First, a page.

Cooperative Board Games


bg002_cooperatives

Peace on Earth!

Cooperative Board Games under the Christmas Tree

By Kathleen Bretton


 

In a cooperative board game, all players collaborate to beat the game. Each player is an individual who controls a single pawn, deck and/or other resource(s). But, all players discuss how to achieve their common goal(s) and coordinate their actions accordingly. For instance, I may give you a card I’ve collected so you can make a complete set.

 

Below, I’ve put together an overview of some games in this genre for you. Some of these indicate a maximum of four players, but, as everyone is cooperating anyway, it’s not too much of a stretch to have a couple of children play the same character.

 

Also, some indicate minimum ages that are a bit inflated in my opinion because they can be played by younger children. If your child plays a lot of games, is especially smart or reads above their grade-level, then you could push down these ages by at least a couple of years.

 

Also, in a cooperative board game older players will be very involved in helping direct the actions of the younger players, so they can play a more difficult game than they might otherwise be able to.

 

Forbidden Island
Theme We must keep an island from sinking long enough to gather all four treasures and leave.
Reading Cards flipped over have to be matched to tiles on the island. This can be done by matching pictures or haivng other players flip the tiles. There are a few different action cards mixed in the deck, but, as this is a cooperative, they can have help reading their text. Once they’ve played a few times, they will know the cards by their pictures.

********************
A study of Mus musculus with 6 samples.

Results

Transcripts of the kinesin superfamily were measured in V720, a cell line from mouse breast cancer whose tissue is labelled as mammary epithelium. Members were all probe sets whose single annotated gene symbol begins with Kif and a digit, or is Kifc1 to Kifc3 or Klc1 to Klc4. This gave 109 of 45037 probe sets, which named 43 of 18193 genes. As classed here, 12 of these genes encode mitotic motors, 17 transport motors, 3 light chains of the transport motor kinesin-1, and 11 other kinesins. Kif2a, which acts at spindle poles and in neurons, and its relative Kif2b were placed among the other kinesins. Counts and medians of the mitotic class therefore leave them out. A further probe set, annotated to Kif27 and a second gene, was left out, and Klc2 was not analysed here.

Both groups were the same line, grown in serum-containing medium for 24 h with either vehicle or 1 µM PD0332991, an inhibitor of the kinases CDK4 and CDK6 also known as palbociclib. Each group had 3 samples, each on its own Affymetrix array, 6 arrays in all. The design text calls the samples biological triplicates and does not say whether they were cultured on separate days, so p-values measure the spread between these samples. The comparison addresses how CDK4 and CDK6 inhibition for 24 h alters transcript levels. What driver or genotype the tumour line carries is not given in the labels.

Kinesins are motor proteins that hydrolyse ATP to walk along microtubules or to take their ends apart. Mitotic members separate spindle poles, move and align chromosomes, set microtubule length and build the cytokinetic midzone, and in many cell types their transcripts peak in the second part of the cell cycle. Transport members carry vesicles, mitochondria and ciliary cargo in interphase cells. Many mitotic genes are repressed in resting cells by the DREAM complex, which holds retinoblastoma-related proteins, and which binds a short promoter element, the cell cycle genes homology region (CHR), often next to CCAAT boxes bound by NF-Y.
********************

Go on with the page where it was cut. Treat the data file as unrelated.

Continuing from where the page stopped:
Notes This title is probably the easiest to learn if you haven’t ever played a hobby board game. It’s also readily available at many local stores, including Walgreens!
Players 2-4
Ages 10+
Time 30 minutes
Cost $12 – $20


Pandemic
Theme We must find the cure to four diseases that are spreading throughout the world while tending to those already sick.
Reading Both decks of cards have city names that must be matched to the board. Non-readers can be helped by fellow players, though it may be frustrating for them as finding the cities is a big part of making each move.
Notes Created by the same designer as Forbidden Island, Pandemic is very similar, though a bit more complex. This title has been popular for years and is even sold at ShopKo.
Players 2-4 (5 with On the Brink expansion)
Ages 8+
Time 45 minutes
Cost $22 – $40


Flash Point: Fire Rescue
Theme We must fight a fire spreading throughout a house as we try to rescue seven victims within the house.
Reading None.
Notes A two-sided board and two-levels of play help this game stay fresh through many plays. Several expansions are available as well.
Players 1-6
Ages 10+
Time 45 minutes
Cost $27 – $30


Castle Panic
Theme We must fight off advancing hordes of monsters to prevent our castle keep from falling.
Reading Some reading, but doable with help from teammates.
Notes Fantasy theme with some references to magic.
Players 1-6
Ages 10+
Time 60 minutes
Cost $19 – $30


Scotland Yard
Theme We are trying to corner bad guy Mr. X (played by one of us!) on a map of London.
Reading None.
Notes As Mr. X is a character played by someone, this is a great opportunity for Dad or the oldest sibling to pit themselves against the rest of the family. Sometimes, in cooperatives, a big personality can control the game too much. That’s who gets to be Mr. X in Scotland Yard.
Players 3-6
Ages 10+
Time 45 minutes
Cost $21 – $40


 


Kathleen Bretton lives in Boise, Idaho and has been homeschooling for seven years. When not homeschooling, Kathleen can be found playing board games, camping, cooking, skiing, researching genealogy, traveling or pursuing some other random hobby. Her mission is to infect the homeschooling community with the board gaming bug.

Committed to helping parents fulfill their God-given right and responsibility to educate their own children.